Adolescent pregnancy is associated with future psychiatric morbidity

  • Jalanko E & al.
  • J Adolesc Health
  • 28.10.2019

  • von Elisabeth Aron, MD, MPH, FACOG
  • Clinical Essentials

  • Adolescent pregnancy, regardless of outcome, is associated with an increased long-term risk for psychiatric morbidity.

Why this matters

  • Long-acting reversible contraception helps to reduce adolescent pregnancy rates.
  • Most adolescent pregnancies are unplanned.
  • Risk-taking and unstable lifestyle may contribute to both adolescent pregnancy and psychiatric morbidity.

Key results

  • Women without a history of an adolescent pregnancy achieved a higher educational level.
  • Overall, psychiatric morbidity was higher in both induced abortion (adjusted incidence
    rate ratio [aIRR], 1.3; 95% CI, 1.1-1.4) and childbirth (aIRR, 1.4; 95% CI, 1.3-1.6) in women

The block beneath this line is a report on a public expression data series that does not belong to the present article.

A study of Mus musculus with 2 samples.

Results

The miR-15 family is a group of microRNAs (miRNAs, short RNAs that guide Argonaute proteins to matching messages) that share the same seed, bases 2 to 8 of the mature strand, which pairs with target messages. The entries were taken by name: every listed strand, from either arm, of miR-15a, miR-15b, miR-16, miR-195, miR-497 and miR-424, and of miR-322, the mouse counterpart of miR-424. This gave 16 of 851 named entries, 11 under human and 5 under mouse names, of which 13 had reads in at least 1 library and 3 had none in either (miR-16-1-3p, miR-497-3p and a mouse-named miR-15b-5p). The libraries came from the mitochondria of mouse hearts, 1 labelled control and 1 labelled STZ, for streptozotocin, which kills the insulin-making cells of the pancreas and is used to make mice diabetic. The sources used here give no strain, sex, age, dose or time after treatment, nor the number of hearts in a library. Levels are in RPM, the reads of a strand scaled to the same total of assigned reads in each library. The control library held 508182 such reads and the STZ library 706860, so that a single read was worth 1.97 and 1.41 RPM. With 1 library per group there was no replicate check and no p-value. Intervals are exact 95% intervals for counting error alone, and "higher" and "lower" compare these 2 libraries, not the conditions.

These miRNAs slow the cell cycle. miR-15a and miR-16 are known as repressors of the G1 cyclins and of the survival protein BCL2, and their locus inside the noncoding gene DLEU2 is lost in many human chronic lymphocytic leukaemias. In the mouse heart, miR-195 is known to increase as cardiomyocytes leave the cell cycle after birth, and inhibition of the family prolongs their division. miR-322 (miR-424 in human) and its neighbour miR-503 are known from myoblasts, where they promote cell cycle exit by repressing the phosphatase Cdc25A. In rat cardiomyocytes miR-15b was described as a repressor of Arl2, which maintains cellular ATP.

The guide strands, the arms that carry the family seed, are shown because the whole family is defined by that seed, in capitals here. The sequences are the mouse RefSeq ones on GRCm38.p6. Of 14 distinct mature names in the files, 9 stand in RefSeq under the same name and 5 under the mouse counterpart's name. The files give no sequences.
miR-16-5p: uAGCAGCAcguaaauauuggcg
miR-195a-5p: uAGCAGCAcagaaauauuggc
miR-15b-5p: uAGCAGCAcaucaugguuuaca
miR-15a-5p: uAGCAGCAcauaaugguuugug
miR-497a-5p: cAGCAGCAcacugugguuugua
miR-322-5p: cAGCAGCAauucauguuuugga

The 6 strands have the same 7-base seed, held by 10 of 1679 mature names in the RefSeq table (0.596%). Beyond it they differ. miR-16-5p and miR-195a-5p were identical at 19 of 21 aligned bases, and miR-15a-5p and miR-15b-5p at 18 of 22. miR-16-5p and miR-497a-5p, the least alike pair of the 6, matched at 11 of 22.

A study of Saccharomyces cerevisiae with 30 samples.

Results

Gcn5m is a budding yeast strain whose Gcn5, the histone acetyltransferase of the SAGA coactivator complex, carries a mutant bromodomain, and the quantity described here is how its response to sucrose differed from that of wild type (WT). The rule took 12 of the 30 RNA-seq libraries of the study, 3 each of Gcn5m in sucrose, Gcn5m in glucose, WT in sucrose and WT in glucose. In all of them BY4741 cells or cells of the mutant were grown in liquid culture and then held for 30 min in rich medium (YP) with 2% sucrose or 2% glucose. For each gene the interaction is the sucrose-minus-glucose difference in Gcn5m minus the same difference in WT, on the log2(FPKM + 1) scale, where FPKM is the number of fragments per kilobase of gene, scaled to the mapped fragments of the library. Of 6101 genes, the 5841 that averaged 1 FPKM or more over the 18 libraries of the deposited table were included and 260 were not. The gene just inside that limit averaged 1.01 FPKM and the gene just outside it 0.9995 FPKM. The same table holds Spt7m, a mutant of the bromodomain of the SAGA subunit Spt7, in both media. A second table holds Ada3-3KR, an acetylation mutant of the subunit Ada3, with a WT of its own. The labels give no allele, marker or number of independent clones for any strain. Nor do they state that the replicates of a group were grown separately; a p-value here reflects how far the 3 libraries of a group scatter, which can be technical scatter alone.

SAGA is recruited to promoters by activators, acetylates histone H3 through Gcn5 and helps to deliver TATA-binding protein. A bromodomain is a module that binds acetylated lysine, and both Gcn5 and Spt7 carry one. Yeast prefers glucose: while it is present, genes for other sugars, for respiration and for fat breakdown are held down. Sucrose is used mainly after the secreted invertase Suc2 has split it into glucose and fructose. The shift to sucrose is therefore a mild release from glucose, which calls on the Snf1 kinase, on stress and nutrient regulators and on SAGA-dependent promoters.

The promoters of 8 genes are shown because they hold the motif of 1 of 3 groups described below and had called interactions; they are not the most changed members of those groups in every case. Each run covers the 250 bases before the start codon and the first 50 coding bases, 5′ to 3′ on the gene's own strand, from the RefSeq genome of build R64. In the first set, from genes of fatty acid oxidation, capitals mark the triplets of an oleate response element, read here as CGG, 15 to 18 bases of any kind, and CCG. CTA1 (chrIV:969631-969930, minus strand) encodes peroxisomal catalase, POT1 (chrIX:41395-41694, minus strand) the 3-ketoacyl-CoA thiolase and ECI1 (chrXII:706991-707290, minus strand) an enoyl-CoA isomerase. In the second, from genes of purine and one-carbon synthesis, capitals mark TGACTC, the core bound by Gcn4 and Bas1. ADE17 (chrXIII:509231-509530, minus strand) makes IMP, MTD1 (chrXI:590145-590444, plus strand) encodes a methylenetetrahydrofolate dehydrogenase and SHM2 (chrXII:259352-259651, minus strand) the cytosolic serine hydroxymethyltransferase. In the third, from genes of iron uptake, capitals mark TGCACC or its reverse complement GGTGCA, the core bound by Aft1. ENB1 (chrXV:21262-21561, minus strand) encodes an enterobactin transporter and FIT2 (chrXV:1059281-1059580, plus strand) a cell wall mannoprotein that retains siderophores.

• Childbirth had higher risks for anxiety disorders compared with induced abortion (aIRR, 1.6 vs 1.1).
  • The risk for psychiatric morbidity persisted into adulthood.

Study design

  • Nationwide Finnish retrospective register study.
  • Psychiatric diagnoses after adolescent pregnancy (both induced abortion and childbirth) were examined and compared up to 28 years after pregnancy.
  • Childbirth (n=1794) at age
  • Psychiatric diagnoses were identified through ICD codes.
  • Funding: Finnish Medical Foundation.

Limitations

  • Information on the intentionality of the pregnancy is lacking.
  • Single country; results may not be generalizable.